Getting a Good Night’s Sleep

Everyone has experienced tossing and turning at night or having unwanted broken sleep! We sometimes go through periods where we just can’t get to sleep or have trouble staying asleep and it is really frustrating, especially in our society where our lifestyle is packed with so many activities and we feel the pressure to be alert and clear minded for the next day.

What are some of the contributors to insomnia or sleepless nights?

• Lifestyle – I believe that this is becoming a major contributor to sleep issues because we just try to do too much!!! Does this sound familiar? Whether it’s working and taking care of kids or trying to balance a busy social life as well as maintaining work or study commitments. We just don’t slow down enough for our bodies and our mind to wind down.

• Internet/Social Networking – Do you use a lot of your free time at night on the internet instead of resting? This form of time out from our busy day is actually stimulating our brains and not helping us to wind down. You may have experienced this when you decided to check your emails before bedtime and found yourself responding to it for the next ½ hour or so only to find that you then couldn’t fall asleep!

• Irregular Sleep routines – This is when you go to bed at different times and your body is not able to get into a routine which enables you to wind down mentally and physically.

• Stress – this is a major contributor to sleeplessness and can lead to secondary issues such as Anxiety or Depression which can then add another layer to sleep issues.

• Illness – Sometimes we may go through periods of insomnia which are related either directly or indirectly to health issues. When this occurs it is important to seek medical advice.

• Poor Sleep Hygiene – These are the habits that we adopt that unknowingly may lead or contribute to sleepless nights. When we are not stressed these habits may have minimal effects on our ability to sleep but when we experience times of stress these habits do more harm and may exacerbate any sleep issues.

What can you do to maintain a healthy sleep routine and enhance your ability to get sleep?

• Try to create a routine each night which includes at least one hour of wind down time before you plan to go to bed. For example wind down time can include watching TV, listening to relaxing music, reading a book, having a bath and so on.

• Try to go to bed roughly at the same time daily and go to bed when you feel tired. Listen to your body! Likewise try to wake up at roughly the same time.

• Don’t watch TV or browse the net in your bedroom. It is important to create a different environment for activities and for sleeping. In other words your bedroom should be your sleep sanctuary and it is important to not confuse your mind into thinking it is also a place of mental activity.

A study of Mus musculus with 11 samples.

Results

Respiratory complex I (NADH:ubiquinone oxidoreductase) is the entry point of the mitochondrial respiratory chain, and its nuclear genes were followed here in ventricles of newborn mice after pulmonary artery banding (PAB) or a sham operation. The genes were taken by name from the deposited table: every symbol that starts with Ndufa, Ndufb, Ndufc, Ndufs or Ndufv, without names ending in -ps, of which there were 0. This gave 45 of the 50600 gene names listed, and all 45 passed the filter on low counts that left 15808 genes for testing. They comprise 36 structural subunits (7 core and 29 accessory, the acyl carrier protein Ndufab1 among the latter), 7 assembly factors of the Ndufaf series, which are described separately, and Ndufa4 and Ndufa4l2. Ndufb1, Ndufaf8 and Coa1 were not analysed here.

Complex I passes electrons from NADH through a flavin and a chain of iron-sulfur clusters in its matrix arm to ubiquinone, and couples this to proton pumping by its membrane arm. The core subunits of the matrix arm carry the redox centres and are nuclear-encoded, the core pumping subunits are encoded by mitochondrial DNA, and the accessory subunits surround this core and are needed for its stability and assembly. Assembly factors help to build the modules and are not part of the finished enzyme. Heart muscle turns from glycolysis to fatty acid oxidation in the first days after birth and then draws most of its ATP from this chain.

• If you go to bed and cannot sleep within 30 minutes it is important to get out of bed and go into another room (with dim lights!) and do some light activity such as reading which may induce sleepiness as well as take your mind away from ruminating thoughts about your day or stressing about the fact that you haven’t fallen asleep yet! Of course go back to bed when you feel tired again. Keep doing this until you fall asleep.

• Try not to eat too much before bedtime. It is hard to fall asleep when our bodies are trying to digest food.

• Try not to use alcohol as a sleep aid. Even though it initially may contribute to feelings of drowsiness it actually has proven to create a more disruptive sleep especially during the latter part of your sleep cycle.

• Anxiety and stressful thoughts need to be dealt with and if possible during the day. Set aside some time in the day to problem solve and if you feel that you need extra help it is important to work through issues with a friend/family or with a professional.

• Try not to nap during the day as this can interrupt your ability to fall asleep and stay asleep at night.

• Do not count how many hours you have slept. This can cause you to have unnecessary stress about sleep which in turn can make you feel too anxious to fall asleep again. Everyone is unique and needs a different amount of hours to feel good during the day.

• Make sure you eat healthy (cut down on caffeine if needed especially if you are anxious or stressed), get regular exercise (this can help your body to feel more tired and rested at night which are prerequisites to drifting into sleep more easily) and get a daily dose of sunshine. This is important because it helps our bodies to differentiate between day and night and can help produce hormones that induce sleep. For example melatonin which is a sleep promoting hormone gets produced when it is dark (so no bright lights from your computer at night!).

Remember a few sleepless nights on occasion happens to all of us so try not to stress about this. It is important to create good sleep habits for general health but if you feel that this is not occurring and would like additional help a Psychologist may be able to work through some issues with you. This may involve teaching you about how to challenge unhelpful thinking patterns, learning to manage stress better, and learning some relaxation skills. These are all valuable lifestyle skills.

Ivette Moutzouris

Registered Psychologist, Alpha Psychology

References

The Insomnia Workbook by Stephanie A. Silberman.

Treating Insomnia: What Health Professionals Need to Know, Australasian Sleep Association handout.